New practitioners and seasoned yogis alike have all struggled, at one point or another, with Virabhadrasana II, known by most as Warrior II. This dynamic pose challenges multiple body systems; and it requires muscular endurance and strength, balance and stability, proper alignment, and mindful awareness to get the greatest benefit and prevent injury. On the flip side, it cultivates a sense of solidarity, confidence, and courage to be the badass warrior we are inside.
There are three major areas of anatomical focus that are of the utmost importance in Warrior II.
The base of support (BOS) is key to building any yoga posture. Without a solid foundation, the pose loses its integrity, and the practitioner’s focus fades into a struggle to find stability and stillness. The feet are the most important component to any standing yoga pose. Proper cueing of the feet enables the practitioner to feel deeply grounded and connected with the floor, offering a direct sense of stability before they move further into the actual pose.
Most yogis will agree the hips are the most problematic area of the body during asana (physical posture) practice. Muscular tightness and limited range of motion (ROM) in the joints inhibit the depth a practitioner can reach in each pose. Many struggle to externally rotate the femur, open the hip, and deepen the lunge to stack the knee (i.e., femur over tibia) without feeling pressure in the joint or a sensation of falling forward.
Preparatory poses to open the hips are immensely helpful, as they encourage an “unlocking” of the muscles and supportive structures surrounding the joint. This increases external rotation by allowing the ball-and-socket joint to roll and glide smoothly. The practitioner can then place the foot and ankle in a safer position while deepening the lunge. The combination of muscle actions in the gluteals, hamstring group of the front leg, and iliopsoas connection of the back leg will allow a deeper, supported opening in the pelvis, while improving stability in the Warrior II stance.
Opening the chest and shoulders with ease is another problematic task for many yoga practitioners. Our modern, sedentary lifestyle can promote poor posture and rounded shoulders, which cause the chest cavity to collapse and shift forward. The common ways we position our bodies—while driving, eating, or working at a desk—wreak havoc on the spine and its supporting structures. It consequently takes greater effort to balance these effects through the practice of yoga.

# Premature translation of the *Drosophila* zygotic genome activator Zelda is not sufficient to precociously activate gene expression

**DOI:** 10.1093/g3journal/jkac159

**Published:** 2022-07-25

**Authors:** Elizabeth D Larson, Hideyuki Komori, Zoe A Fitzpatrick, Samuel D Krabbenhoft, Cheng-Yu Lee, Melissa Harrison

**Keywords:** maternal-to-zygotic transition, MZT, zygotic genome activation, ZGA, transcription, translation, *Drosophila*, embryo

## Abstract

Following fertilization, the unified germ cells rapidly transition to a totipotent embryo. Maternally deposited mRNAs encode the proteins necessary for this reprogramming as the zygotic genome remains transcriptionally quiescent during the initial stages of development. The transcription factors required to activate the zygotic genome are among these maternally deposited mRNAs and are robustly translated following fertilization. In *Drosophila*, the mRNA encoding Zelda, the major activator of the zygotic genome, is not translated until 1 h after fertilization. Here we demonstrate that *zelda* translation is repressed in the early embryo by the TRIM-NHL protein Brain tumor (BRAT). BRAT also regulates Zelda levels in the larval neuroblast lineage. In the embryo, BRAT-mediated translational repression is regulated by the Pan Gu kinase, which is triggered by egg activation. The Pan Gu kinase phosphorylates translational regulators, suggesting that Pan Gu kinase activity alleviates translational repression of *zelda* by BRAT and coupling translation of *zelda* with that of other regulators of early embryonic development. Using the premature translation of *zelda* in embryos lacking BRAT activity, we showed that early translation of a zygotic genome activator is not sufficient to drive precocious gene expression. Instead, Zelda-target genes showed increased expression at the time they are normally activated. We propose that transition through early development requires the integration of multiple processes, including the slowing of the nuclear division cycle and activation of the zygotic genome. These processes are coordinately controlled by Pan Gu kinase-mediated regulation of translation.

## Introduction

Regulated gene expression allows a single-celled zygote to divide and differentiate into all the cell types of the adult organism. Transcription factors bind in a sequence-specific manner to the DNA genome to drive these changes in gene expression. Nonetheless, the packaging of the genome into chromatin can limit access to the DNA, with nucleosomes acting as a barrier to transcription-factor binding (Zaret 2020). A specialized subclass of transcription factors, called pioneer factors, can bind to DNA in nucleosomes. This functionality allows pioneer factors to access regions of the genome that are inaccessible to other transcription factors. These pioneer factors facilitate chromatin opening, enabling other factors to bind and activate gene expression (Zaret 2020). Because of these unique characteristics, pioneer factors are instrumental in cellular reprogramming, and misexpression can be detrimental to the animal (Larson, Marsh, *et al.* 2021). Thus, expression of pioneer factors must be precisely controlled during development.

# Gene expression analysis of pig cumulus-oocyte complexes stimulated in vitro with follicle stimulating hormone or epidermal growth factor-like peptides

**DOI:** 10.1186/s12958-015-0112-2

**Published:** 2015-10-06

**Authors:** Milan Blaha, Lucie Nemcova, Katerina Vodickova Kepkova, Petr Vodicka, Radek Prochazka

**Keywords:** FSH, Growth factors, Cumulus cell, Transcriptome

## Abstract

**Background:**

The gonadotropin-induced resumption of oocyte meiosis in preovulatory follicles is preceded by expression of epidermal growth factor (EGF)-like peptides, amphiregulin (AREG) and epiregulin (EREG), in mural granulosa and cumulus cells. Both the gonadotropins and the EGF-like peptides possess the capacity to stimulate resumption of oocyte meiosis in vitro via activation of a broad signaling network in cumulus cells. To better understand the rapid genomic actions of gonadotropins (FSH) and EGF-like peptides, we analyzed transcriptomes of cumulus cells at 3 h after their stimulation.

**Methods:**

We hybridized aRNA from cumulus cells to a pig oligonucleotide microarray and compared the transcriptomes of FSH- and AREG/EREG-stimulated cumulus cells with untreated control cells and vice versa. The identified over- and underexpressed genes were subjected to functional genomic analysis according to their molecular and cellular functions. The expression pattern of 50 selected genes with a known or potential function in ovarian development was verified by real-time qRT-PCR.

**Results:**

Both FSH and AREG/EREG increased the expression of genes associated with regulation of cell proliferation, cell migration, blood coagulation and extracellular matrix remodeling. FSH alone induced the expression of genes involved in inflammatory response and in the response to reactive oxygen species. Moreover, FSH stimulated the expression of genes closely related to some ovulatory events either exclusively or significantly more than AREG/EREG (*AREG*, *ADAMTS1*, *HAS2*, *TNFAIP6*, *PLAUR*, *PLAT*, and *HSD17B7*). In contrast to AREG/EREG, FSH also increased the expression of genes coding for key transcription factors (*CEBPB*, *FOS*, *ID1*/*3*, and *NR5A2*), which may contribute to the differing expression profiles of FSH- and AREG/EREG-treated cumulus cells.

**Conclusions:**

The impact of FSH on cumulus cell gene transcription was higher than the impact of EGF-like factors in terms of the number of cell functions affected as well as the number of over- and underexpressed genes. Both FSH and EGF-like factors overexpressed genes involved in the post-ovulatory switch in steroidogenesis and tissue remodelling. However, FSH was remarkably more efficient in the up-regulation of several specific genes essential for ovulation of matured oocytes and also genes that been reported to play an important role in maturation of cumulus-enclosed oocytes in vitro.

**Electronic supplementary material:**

Warrior II opens the entire thoracic cavity by unweighting the shoulders, drawing the arms away from the body, and releasing the pectoral and intercostal muscle groups. This creates space within the chest cavity for a fuller breath, while strengthening the mid-back musculature to support the upper torso.
As we inhale in this posture, we activate the accessory muscles of breathing. The sternocleidomastoid (SCM) muscle, located along each anterior side of the throat, activates and elevates the sternum, as your gaze draws forward over your front hand. The scalene group and pectoralis minor also activate to lift the upper ribs.
The quadratus lumborum—located between the posterior aspect of the floating ribs and the posterior border of the pelvis—draws the lower posterior ribcage down toward the tailbone, lifting the front of the chest. The abdominals simultaneously draw the front ribs downward to reduce hyperextension of the middle and lower spine. In drawing the shoulders blades slightly together and pressing them down toward the tailbone, we contract the rhomboids and lower trapezius to further open the chest and stabilize the mid-thoracic spine.
Encourage your students to feel connected and grounded to the mat, promoting a solid foundation to build the posture from. Grounding down strengthens the arches of the feet and peroneals, and stabilizes the ankles. Pressing through the heel of the front leg co-activates the gluteal muscles, hamstrings, and quadriceps to create a bandha (bind) of the femur, and stabilizes the knee and hip.
As yoga teachers, we want to ensure our students move at the most mobile joint first to prevent injury. We may prompt them to move at the shoulders or hips, for example, as both joints have greater ROM than the elbows or knees. This cue draws awareness to the hip, allowing it to open and be supported by the external rotator muscle group—specifically, the piriformis. Pressing through the back heel stabilizes the back hip and promotes a deeper opening of the pelvic space.
Encourage your students to place the lower spine in a neutral, safe position while improving overall balance and postural stability. Stabilizing and strengthening the pelvic floor has numerous benefits on the spine and pelvic organs.
This activates the transverse abdominus (corset muscles) and accessory muscles of breathing to open the chest, allowing for a full diaphragmatic breath to enter and expand into the deepest spaces of the lungs. The shoulders become stable and strong, promoting a deep sense of readiness and power.
By pressing the palms down, we activate the latissimus dorsi muscles—located beneath the armpits and wrapping along the sides and back of the ribcage—to further open the chest and stabilize the shoulder joints and scapulae. Pectoralis minor is simultaneously activated to lift heart center (sternum) upward. This relaxes the shoulders away from the ears to create space and ease tension in the neck.
To make sure the shoulders are positioned correctly, turn the palms to face up and notice how the shoulder blades relax down the back. Then flip the palms over solely at the wrist level. This externally rotates the shoulder joints to draw the shoulder blades down while maintaining the integrity of the pose.